The Jackson portrait Warhol worried TIME would junk
As London's National Portrait Gallery opens its Michael Jackson show, we look at Andy’s 80s TIME cover
Andy Warhol painted different people for different reasons. As our book Andy Warhol Portraits makes clear, his early 1960s pictures of celebrities such as Marilyn Monroe, Marlon Brando, Elvis Presley and Natalie Wood - made when Warhol was still finding his own fame - “transcend earlier conventions of portraiture and feel closer to the presentation of Christian Icons, Olympian Gods and classical history that were the stuff of Old Master art.”
However, by the 1970s, Warhol’s portraits focussed less on earlier, unattainable Hollywood stars, and instead portrayed the socialites, industrial scions and pop stars well within the artist's social circle.
Many of these later portraits were commissioned by their subjects, or by entrepreneurial patrons, such as the American investment banker Richard Weisman, who paid for a series of sports portraits from Andy in 1977, including his now well-known picture of Muhammad Ali.
The pictures served as an important income stream for Warhol, and some disregarded the works’ artistic merit; “less a history of painting than a history of publicity” was how the New York Times’ Hilton Kramer described a 1979 Warhol portraits retrospective.
Nevertheless, when the art directors at TIME magazine sought to sum up the monumental degree of fame Michael Jackson enjoyed following the success of Thriller, they knew who to turn to.
Warhol had met Jackson on a number of occasions, at places such as Studio 54, and the artist immediately accepted TIME magazine’s March 1984 cover commission, which was to be published shortly after the single Thriller peaked (surprisingly given its subsequent success) at number 4 in the US Billboard Hot 100.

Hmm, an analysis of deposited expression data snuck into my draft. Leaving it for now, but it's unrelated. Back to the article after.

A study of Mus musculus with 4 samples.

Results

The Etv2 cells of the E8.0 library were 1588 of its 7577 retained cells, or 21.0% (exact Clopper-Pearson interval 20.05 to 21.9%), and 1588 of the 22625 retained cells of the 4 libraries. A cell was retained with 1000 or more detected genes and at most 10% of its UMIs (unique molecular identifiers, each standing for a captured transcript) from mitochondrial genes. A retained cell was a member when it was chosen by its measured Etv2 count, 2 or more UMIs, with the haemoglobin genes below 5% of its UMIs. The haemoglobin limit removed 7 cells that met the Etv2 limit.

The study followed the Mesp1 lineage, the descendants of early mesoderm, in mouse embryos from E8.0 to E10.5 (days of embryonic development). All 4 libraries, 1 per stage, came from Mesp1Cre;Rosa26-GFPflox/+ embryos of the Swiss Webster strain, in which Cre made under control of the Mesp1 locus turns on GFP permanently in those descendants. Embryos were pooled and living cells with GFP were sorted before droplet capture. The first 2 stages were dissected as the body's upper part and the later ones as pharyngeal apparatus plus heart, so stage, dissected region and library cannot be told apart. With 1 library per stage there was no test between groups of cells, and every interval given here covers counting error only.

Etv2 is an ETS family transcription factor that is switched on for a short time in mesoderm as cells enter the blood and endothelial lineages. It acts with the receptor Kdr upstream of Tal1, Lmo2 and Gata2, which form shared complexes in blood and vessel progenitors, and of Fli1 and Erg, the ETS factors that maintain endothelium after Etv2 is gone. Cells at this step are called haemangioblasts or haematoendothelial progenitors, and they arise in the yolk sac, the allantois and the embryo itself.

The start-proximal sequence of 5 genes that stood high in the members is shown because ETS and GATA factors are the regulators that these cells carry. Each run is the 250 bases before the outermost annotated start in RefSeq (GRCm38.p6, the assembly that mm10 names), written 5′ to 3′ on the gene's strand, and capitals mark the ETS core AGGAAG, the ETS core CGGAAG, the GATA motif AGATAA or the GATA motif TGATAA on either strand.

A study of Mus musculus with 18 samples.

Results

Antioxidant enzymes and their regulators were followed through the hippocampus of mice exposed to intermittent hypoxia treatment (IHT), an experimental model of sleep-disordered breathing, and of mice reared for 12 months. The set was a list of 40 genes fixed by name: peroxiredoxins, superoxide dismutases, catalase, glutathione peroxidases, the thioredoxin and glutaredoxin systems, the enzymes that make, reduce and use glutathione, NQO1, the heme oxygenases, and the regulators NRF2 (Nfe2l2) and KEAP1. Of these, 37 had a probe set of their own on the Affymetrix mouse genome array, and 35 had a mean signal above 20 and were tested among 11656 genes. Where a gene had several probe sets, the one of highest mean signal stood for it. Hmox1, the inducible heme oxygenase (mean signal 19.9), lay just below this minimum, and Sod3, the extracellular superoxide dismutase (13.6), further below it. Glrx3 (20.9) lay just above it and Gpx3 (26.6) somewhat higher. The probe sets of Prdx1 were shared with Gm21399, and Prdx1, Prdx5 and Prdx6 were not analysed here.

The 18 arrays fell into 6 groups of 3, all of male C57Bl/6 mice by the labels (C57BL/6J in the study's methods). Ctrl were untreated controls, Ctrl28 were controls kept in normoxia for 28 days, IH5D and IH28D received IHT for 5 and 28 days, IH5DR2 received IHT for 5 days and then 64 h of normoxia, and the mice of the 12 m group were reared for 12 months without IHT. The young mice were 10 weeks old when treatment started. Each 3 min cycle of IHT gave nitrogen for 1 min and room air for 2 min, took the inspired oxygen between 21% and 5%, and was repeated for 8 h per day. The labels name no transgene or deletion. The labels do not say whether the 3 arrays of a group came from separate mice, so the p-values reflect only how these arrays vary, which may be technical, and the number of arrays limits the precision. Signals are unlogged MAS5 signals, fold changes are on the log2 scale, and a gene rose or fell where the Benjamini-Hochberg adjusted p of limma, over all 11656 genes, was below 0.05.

In his diaries Warhol mentions Jackson more than two dozen times, most often discussing chance meetings at Studio 54. However, on two moments in 1984, Warhol actually talks about the portrait of Jackson.
March 7, 1984 : I finished the Michael Jackson cover. I didn't like it but the office kids did. Then the Time people came down to see it, about forty of them. And they stood around saying that it should increase news stand sales. . . . Then later the Time guy called me . . . and said they were going to use it. I think the yellow one. And I told him to cross his fingers that it wouldn't get bumped on Saturday and he said he would.
March 12, 1984: Time came out and the Jackson cover made it, it didn't get bumped. And the article inside was crazy. It had them asking if he was going to get a sex-change operation and he said no. The cover should have had more blue. I gave them some in the style of the Fonda cover I did for Time once, but they wanted this style.
That sex-change question might sound less controversial today, yet Andy’s bright version of the King of Pop - which features in the National Portrait Gallery’s forthcoming show Michael Jackson: On the Wall (28 June to 21 October) - remains just as starkly recognisable a representation of imperial period fame today, as it was thirty four years ago. To see more of Warhol's work, take a look at these books.